Board meetings typically refer to meetings between important personalities in an organization, such as the board of directors or heads of departments. As a result, there is rarely sufficient time for them to get to discussing, and by extension, addressing all of their goals and issues. Therefore, it is imperative that a board meeting agenda succinctly summarizes these issues, ranks them in order of importance and relevance, and addresses the issues brought up efficiently and productively. For these reasons, writing an effective board meeting agenda is a very important step in making sure nobody’s time is wasted, and that product decisions are made with regards to the future of the organization.
To help you out, we’ve compiled a comprehensive list of things you should know when it comes to writing a board meeting agenda, and we’re going to walk you through just how you should go about doing so. At the very end of the guide, we’ve also included a template that you can use as-is or modify to better suit the needs and specifics of your organization!
What is a Board Meeting Agenda? Why do I Need One?
Board meetings typically involve leading personalities in companies and organizations, such as heads of departments. These people rarely have time to waste, and so cannot afford board meetings that stretch on endlessly. To be more efficient and make sure that meetings are brief, productive, and most importantly, beneficial to the organization, leaders are expected to create agendas to hold every attendee accountable. For these reasons, a board meeting is generally considered an essential prerequisite to meetings. Don’t worry, though, writing one is a very straightforward process. We’re here to help you through the steps to writing a simple but effective board meeting agenda, with a template at the very end to boot!
In a formal setting, most board meeting agendas include the following sections;
- A Call to Order – This is a formal declaration of the time, location, and date of the meeting.
- The Agenda – The agenda is a short, brief summary of the purpose of the meeting.
- The minutes – Minutes (My-newts) refer to the written record of the proceedings of the meeting. Typically, a meeting starts when the chairperson declares the meeting open, after which minutes are recorded until the meeting formally concludes.
- Topics for discussion – Typically, this section is divided into two parts – Old business and new business (or current business!). The former refers to topics that are carried over from previous sessions, whereas new business allows attendees to bring up any new issue. Generally, this follows the section where the “core” reason for calling the meeting is brought up.
- Open floor – After discussing all previous and current affairs, the floor is opened up for comments and announcements.
- Review – At the conclusion of the meeting, the leader typically requests a review, which goes over all of the things discussed over the course of the meeting. This usually comes last as members can leave with actionable insights and act on the opinions/discussion that they were a party to.
- Adjournment – Finally, the meeting is formally called to an end, after which the minutes are closed.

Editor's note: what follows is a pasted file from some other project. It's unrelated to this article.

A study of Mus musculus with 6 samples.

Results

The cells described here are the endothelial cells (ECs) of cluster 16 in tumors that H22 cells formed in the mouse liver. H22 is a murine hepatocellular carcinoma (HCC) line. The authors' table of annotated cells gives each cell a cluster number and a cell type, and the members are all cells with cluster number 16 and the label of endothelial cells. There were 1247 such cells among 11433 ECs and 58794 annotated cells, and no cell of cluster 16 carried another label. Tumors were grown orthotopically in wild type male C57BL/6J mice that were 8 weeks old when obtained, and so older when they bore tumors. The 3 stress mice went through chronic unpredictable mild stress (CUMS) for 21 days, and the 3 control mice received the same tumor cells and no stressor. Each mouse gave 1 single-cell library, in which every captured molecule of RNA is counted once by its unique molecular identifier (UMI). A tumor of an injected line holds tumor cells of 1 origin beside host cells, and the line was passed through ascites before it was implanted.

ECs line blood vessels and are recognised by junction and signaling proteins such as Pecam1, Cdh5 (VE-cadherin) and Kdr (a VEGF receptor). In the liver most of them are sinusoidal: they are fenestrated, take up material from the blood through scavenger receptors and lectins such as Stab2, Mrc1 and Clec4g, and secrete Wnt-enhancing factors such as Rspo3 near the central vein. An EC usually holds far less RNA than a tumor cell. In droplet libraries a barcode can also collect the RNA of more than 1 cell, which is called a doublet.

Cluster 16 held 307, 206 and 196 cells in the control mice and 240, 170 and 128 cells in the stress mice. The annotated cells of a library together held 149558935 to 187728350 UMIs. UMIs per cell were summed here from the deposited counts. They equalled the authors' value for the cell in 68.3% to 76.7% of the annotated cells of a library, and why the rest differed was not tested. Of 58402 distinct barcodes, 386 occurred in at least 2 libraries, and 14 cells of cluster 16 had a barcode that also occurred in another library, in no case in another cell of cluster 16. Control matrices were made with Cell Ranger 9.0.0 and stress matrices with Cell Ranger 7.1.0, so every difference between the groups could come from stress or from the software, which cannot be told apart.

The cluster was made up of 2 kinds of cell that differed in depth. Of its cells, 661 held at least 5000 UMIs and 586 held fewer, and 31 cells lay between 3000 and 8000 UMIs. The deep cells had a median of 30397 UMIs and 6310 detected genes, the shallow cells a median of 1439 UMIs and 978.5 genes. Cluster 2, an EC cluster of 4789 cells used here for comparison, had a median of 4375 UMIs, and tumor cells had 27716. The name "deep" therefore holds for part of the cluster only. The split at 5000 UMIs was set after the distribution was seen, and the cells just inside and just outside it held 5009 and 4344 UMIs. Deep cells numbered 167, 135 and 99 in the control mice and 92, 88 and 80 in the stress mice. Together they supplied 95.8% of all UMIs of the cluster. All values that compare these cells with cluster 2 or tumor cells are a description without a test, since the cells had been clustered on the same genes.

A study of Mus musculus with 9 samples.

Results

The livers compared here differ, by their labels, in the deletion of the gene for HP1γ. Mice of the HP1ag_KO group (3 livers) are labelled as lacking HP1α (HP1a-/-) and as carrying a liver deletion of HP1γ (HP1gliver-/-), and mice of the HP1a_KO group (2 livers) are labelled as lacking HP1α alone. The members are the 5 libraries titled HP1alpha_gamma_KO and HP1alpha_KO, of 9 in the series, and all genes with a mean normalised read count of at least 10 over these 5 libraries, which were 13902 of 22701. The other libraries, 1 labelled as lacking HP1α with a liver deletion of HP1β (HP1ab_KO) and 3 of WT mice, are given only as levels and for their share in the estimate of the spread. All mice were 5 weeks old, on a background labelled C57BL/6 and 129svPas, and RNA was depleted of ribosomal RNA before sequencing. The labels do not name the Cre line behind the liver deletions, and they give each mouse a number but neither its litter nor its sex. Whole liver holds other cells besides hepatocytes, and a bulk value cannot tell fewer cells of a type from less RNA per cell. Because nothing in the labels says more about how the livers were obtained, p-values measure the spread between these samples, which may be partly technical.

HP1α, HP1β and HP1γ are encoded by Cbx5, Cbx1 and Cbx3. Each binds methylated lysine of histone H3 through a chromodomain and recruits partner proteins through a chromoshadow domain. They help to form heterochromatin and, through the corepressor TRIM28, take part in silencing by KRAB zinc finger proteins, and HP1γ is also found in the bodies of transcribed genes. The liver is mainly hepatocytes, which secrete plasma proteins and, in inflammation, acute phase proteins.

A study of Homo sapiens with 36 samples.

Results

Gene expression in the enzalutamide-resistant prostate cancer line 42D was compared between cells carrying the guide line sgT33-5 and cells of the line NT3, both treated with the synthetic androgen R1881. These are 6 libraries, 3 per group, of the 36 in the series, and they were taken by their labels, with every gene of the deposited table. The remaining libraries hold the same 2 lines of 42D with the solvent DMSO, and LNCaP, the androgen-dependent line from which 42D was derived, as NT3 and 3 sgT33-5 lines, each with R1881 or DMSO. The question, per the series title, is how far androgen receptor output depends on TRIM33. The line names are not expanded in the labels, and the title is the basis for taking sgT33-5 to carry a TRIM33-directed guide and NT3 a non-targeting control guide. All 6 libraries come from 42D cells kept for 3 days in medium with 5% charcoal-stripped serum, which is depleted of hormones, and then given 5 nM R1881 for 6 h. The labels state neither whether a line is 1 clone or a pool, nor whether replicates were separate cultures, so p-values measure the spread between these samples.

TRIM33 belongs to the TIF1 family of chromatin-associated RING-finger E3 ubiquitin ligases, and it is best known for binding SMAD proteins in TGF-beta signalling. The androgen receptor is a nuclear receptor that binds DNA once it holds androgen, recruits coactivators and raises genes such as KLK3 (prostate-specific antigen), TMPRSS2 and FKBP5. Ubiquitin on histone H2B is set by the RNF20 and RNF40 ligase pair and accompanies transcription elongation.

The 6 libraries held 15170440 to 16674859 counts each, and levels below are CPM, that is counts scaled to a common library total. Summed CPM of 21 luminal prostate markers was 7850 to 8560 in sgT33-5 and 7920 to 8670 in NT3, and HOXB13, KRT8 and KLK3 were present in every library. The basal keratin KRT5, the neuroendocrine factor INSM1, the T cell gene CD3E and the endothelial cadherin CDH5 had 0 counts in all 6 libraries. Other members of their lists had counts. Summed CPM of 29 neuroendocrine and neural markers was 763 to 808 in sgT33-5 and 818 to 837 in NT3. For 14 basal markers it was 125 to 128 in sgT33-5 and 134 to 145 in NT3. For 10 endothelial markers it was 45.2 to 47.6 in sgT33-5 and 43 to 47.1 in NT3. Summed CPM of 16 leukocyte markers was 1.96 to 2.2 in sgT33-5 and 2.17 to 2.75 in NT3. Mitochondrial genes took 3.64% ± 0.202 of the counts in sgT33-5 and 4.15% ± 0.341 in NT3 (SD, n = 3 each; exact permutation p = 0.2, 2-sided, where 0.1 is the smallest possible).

Board Meeting Agenda Template
If you’ve found the steps to be ambiguous and the process unclear, don’t fret – To help you out, we’ve developed a template that can be used as-is, or may be modified to better suit the specific needs of your organization in particular. Our board meeting agenda template can be found below;
BOARD MEETING AGENDA TEMPLATE
Time, Date, and Location.
THE CALL TO ORDER – This is a formal declaration that the meeting is, in fact, open. This is usually the first section of any board meeting.
THE AGENDA – Here, the person chairing the meeting announces the agenda, i.e., the purpose of the meeting, to all attendees, and declares that the minutes are now to be recorded.
TOPICS & REPORTS – This is the section where the main issues and topics specified in the agenda are discussed. Additionally, many organizations may also have their members provide reports in a board meeting during this section.
OLD BUSINESS – This section typically follows the reports and topics part, and deals primarily with a business that has been carried over from previous meetings.
NEW BUSINESS – Here, any member of the board may bring up new issues.
OPEN FLOOR – After the new business section, the floor is opened to all members, who may present questions, comments, concerns, and clarifications.
ADJOURNMENT – The meeting is formally declared to be over, and the secretary stops recording the minutes.
Free Templates & Examples
What should be included in a board meeting agenda?
As we mentioned through the course of our guide, a board meeting agenda typically includes the following – A call to order, The Agenda, Topics and Reports, Old Business, New Business, and an open floor, after which the meeting is adjourned.
Who writes the agenda for a board meeting?
In most formal settings, the secretary is in charge of writing the agenda for a board meeting. This, however, isn’t always the case – in many organizations, specific members are appointed to take charge of board meetings. When that is the case, that particular individual is responsible for writing the board meeting agenda.
How long should board meetings last?
Typically, board meetings last between 1 and a half hours to 4 hours. This is considered the average time, with anything longer being counterproductive and unintuitive.